Regents plan for $900 million budget shortfall

The UC Office of the President (UCOP) will be taking a $50 million budget cut, as a way to combat decreasing state support.

These funds – roughly 17 percent of UCOP’s budget – will be used to ease reductions on campuses next year, UC President Mark Yudof said at the regents’ meeting on March 16. This is on top of the office’s 2007-08 cuts of $55 million.

This action was part of several models outlined to combat UC’s expected $900 million shortfall for the next fiscal year. That figure includes Gov. Jerry Brown’s $500 million cut as well as mandatory expenses, such as pensions and health insurance. The regents will consider official budget plans in May.

“In all the variables you hear today, there is one constraint and a guiding star we must follow, and that is quality. Quality is non-negotiable,” Yudof told the board at the UCSF meeting.

The regents also discussed the changing relationship between UCOP and individual campuses, where campuses will be able to retain all of their generated revenues and gain previously centrally held funds.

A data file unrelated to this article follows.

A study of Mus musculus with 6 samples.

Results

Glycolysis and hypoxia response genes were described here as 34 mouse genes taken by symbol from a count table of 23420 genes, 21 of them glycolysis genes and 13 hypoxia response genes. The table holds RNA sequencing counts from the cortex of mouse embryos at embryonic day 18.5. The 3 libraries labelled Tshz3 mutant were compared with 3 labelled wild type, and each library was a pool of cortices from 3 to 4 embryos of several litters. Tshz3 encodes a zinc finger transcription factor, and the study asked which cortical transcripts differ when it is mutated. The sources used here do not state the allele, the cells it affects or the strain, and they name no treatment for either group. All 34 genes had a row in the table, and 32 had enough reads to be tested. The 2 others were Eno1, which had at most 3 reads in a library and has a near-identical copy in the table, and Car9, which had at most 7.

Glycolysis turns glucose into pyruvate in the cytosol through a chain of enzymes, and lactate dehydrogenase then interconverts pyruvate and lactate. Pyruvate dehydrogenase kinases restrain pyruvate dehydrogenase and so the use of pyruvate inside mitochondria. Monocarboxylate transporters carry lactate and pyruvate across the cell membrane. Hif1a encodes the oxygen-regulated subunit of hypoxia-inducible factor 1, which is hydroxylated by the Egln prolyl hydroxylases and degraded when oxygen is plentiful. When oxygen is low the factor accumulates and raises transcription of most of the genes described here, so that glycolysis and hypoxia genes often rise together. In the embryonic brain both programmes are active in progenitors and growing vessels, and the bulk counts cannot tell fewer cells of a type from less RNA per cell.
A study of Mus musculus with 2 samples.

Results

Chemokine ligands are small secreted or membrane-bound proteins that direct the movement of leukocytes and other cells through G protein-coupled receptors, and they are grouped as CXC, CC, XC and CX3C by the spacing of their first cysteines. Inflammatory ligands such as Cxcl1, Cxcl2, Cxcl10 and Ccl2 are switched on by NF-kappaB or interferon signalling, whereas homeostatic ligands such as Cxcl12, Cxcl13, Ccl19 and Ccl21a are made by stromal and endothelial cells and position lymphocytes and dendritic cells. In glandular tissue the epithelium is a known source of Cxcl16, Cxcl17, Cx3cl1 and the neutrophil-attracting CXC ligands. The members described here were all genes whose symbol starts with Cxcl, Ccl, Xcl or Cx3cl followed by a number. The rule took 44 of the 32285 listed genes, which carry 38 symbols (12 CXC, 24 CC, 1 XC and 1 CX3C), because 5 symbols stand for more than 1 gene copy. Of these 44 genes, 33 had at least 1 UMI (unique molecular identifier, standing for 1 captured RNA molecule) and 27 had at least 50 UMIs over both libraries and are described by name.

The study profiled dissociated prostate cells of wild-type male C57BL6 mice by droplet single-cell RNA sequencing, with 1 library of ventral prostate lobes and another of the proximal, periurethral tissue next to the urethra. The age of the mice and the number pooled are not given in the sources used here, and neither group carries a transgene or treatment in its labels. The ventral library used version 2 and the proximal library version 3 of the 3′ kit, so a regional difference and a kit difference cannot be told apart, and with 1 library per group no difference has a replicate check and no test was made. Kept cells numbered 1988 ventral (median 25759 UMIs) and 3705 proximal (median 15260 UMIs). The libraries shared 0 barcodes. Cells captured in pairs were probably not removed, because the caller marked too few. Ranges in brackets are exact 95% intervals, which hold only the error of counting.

“We should not be doing anything centrally unless we can save money or provide a common good,” Yudof said. “We’re doing many things only because historically we’ve done it. We need to make it as easy as we can for the campuses to make their cuts.”

Despite the fact that Yudof and other regents have said that they do not want to continue increasing student fees to help close the budget gap, fee hikes are still on the table.

“Before you lynch me, hear me out,” Regent Dick Blum said. “There is a way out of this problem: higher tuition and higher amounts of scholarship money.”

Blum suggested asking the nation’s top 500 companies to donate money for scholarships. While students from families earning less than $80,000 a year currently have their tuition covered, this plan could raise that ceiling to $150,000.

Since 2007-08, the university has laid off more than 4,400 people and left 3,700 positions unfilled or eliminated. Consolidation programs have saved $155 million, according to the university.

In protest of regents’ proposals to increase pension payments, roughly 20 union workers gathered outside the meeting on Wednesday.

At UC Davis, approximately 35 American Federation of State, County and Municipal Employees (AFSCME) and students protested on the corner of La Rue Road and Russell Boulevard, brandishing signs promoting collective bargaining.

“What’s happening in Wisconsin can happen anywhere – it’s happening here,” said a speaker with AFSCME.

JANELLE BITKER can be reached at campus@theaggie.org.